Oil's Bottom Beckons

Oil has spent much of the fourth quarter slumping, plaguing exchange traded funds like the iShares U.S. Energy ETF (NYSEArca: IYE) along the way, but some market observer believe is a bottom is near for the beleaguered commodity.

IYE tracks the Dow Jones U.S. Oil & Gas Index and holds 68 stocks. Like other traditional cap-weighted energy ETFs, IYE devotes a significant portion of its lineup to Dow components Exxon Mobil Corp. (NYSE: XOM) and Chevron Corp. (NYSE: CVX), the two largest U.S. oil companies. Those stocks combine for over 38% of the ETF’s weight.

“One reason oil prices may be near a bottom: production appears set to decline after oversupply concerns contributed to the recent rout,” said BlackRock in a recent note. “The Organization of the Petroleum Exporting Countries (OPEC) and its partners are expected to cut production at their meeting this week in an effort to help stabilize prices.”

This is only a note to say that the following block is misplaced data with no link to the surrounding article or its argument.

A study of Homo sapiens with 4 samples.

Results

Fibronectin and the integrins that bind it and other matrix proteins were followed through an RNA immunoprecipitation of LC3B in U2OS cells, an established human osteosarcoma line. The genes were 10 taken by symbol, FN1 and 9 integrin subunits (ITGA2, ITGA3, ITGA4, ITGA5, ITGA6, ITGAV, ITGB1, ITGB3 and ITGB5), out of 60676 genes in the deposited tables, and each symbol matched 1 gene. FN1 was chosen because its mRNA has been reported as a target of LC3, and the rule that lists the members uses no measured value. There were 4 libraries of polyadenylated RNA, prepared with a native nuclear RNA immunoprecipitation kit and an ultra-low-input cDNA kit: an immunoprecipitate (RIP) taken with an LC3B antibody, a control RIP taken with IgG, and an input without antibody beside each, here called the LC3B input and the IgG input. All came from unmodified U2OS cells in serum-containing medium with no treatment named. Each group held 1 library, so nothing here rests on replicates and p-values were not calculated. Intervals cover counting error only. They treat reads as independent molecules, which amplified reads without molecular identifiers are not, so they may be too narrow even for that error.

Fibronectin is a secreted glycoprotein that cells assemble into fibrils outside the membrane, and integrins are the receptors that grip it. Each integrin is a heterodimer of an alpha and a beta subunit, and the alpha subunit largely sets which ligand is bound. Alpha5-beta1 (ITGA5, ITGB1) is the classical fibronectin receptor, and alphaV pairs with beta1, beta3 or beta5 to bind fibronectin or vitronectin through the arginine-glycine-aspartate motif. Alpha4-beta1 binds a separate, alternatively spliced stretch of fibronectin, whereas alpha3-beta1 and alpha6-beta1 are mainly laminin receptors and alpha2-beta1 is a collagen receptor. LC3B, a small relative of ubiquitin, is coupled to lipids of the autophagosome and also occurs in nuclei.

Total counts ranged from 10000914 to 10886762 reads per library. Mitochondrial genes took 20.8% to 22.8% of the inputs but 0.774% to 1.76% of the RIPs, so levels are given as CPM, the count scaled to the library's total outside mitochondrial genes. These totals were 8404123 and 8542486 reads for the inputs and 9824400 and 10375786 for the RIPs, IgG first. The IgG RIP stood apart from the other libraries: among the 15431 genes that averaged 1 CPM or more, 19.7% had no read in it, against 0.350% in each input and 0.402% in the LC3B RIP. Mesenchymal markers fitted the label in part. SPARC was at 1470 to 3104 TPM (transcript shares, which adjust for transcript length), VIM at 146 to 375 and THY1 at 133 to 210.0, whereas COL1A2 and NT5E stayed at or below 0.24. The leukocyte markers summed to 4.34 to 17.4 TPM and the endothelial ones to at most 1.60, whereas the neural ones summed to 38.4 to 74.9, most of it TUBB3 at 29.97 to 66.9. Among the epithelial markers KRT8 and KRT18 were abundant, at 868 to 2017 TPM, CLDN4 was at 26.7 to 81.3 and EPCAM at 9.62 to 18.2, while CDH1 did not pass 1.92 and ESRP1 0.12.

Since 2016, OPEC pledges to curb production have steadied oil prices after substantial declines. Oil prices have previously hit multi-year highs in mid-2018 after President Donald Trump withdrew from the Iran nuclear deal, which reinstated sanctions against the Middle Eastern country’s crude exports. Iran’s oil shipments have since declined by over a third and analysts expect more than a million barrels per day could be cut off from the market by the first quarter of 2019.

What’s Next For Oil?

Waning supply concerns and lower inventories could boost crude heading into next year.

“Global oil inventories saw the largest quarterly increase in three years last quarter,” according to BlackRock. “Oversupply concerns are poised to fade, however, with the potential OPEC cut, expiring Iranian sanction waivers and production decreases from many U.S. producers amid lower oil prices.”